Thrown into a dog show at the age of only 11, senior Nick Hodge did not realize how much they would later impact his life.

Hodge’s stepdad took him to his very first dog show when one of the dog handlers was unable to show his dog. The handler saw Hodge and asked him to show the dog instead and told Hodge he would be taught everything he needed to know. Now, six years later, Hodge travels all over the country showing dogs.

There is a lot that goes into the dog shows.

“It’s almost like owning your own business,” said Hodge.

Handlers have to transport the dogs safely and make sure they arrive okay. Once the well being of the pups is taken care of, the handlers go into the show and get set up.

“I’ve been to dog shows where ten people are watching me and some where 1,000 people are,” said Hodge. “You never know what the dog is going to do either under pressure.”

Every handler gets their own grooming spot to get their dogs ready for the show.

“First you need to groom your dog and get your armband number,” said Hodge. “I like to work with the dogs a little bit too before we go in.”

If the dog wins its class, they are advanced to finals. Then it goes into best of breed. Whichever dog wins best breed, is sent to the nighttime finals, and the judges pick the best out of each group. A dog breed gets accepted by the American Kennel Club and is given a standard. The judges at the shows judge the dogs on how closely they match that standard. Everything they do in the ring is to evaluate the dog to the standard in structure, temperament, and movement. These shows can last all day long.

“Then at night is the fun and you go out to dinner and hangout with people to celebrate the day,” said Hodge.

One of Hodge’s favorite things about the shows is having friends all over the country and getting to do activities together, like going to the pool and having get togethers and dinners.

For Hodge, to get to where he is now, many people had to contribute to teaching him the key to handling dogs. Traveling to countless dog shows and meeting people from other states introduced him to people who would teach him all sorts of new things. He also learned from his clients, the people he shows for, they gave him many tips on handling. Anyone who was willing to help out with young kids involved with the shows, helped Hodge learn new things.

“You meet people who take advantage of you because you’re young, and you don’t know what you’re doing. You’re given bad dogs at first. But you meet the right people, and you learn from your mistakes,” said Hodge.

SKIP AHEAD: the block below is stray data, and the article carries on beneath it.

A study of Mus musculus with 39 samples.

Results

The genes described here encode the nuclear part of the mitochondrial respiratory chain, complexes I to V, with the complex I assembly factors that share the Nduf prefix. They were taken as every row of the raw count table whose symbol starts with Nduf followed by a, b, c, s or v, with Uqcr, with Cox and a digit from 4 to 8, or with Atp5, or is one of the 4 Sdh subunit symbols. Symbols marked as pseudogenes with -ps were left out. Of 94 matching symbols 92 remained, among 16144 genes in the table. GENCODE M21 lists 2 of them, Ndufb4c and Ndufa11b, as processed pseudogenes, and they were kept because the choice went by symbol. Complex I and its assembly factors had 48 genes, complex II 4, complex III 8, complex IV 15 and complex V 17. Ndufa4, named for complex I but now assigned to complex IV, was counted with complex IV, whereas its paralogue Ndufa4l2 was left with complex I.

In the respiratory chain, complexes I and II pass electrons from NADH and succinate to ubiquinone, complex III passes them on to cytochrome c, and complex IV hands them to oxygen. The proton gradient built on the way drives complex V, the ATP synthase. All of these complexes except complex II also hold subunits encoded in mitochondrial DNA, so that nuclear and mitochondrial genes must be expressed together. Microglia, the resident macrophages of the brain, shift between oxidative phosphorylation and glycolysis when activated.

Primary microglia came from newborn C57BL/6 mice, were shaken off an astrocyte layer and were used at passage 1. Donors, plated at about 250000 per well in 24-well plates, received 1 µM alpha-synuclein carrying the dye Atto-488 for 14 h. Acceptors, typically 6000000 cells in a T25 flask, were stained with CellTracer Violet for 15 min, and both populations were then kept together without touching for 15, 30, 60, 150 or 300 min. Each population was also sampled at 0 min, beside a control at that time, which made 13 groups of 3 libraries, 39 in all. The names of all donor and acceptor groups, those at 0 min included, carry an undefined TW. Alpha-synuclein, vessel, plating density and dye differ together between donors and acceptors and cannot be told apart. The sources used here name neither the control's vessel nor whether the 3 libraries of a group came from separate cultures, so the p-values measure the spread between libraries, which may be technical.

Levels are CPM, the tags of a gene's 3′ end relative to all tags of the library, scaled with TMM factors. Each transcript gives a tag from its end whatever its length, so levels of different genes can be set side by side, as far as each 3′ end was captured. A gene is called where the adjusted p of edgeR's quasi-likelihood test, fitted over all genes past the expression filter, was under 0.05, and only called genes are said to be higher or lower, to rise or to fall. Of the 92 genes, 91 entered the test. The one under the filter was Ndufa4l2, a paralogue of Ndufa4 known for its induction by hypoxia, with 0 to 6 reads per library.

Hodge now works with a family who lives in Des Moines. He visits and works with many of their dogs about once a month.

“The people I show for now are like my family, and I would have never met them without dog shows, which is crazy to think about,” said Hodge.

Since Hodge is under 18 he can’t get paid for showing, but he can get paid for other tasks. Instead, he gets paid for traveling, helping and grooming.

From years of doing dog shows, Hodge has won multiple awards. Recently, he was the only junior handler in Nebraska to qualify and be invited to the Westminster dog show and the AKC National Championship in Orlando. This meant he was one of the best under the age of 18 competing in dog shows. Hodge plans on competing in the Westminster dog show in New York next year.

Recently, Hodge was also contacted by some TV producers.

“Somebody contacted me and said, ‘We’re doing this show on people under 18 who show dogs, and we would love to get in contact with you,’” said Hodge.

He had castings and skype calls with producers. Later, Hodge started filming in Orlando when he competed in a national dog show. There he made the final cast list.

“About two weeks ago, they came to Lincoln and followed me around. We had five hours of interviews at my house,” said Hodge. “They had pages and pages of questions to ask me.”

The camera crew filmed what he did throughout the day and asked him and his friends lots of questions. Currently, the show is waiting to be picked up by a network.

For the future, Hodge plans on going to college in pre med, continuing to show dogs with his clients and becoming a professional handler. He also plans on showing his own German shepherds. Once he is a professional handler, he can start getting paid for showing in the ring.

“Right now I am a junior handler, but as soon as I turn 18, I will be a professional handler,” said Hodge.

Before Hodge ever went to a dog show, he knew nothing about them. Now he is on his way to becoming a professional.

“Dogs shows gave me a lot of firsts. They gave me the first time I got to see the ocean and the mountains,” said Hodge. “It’s made a big impact on my life. I’ve met so many people I would have never met and been so many places I would have never been.”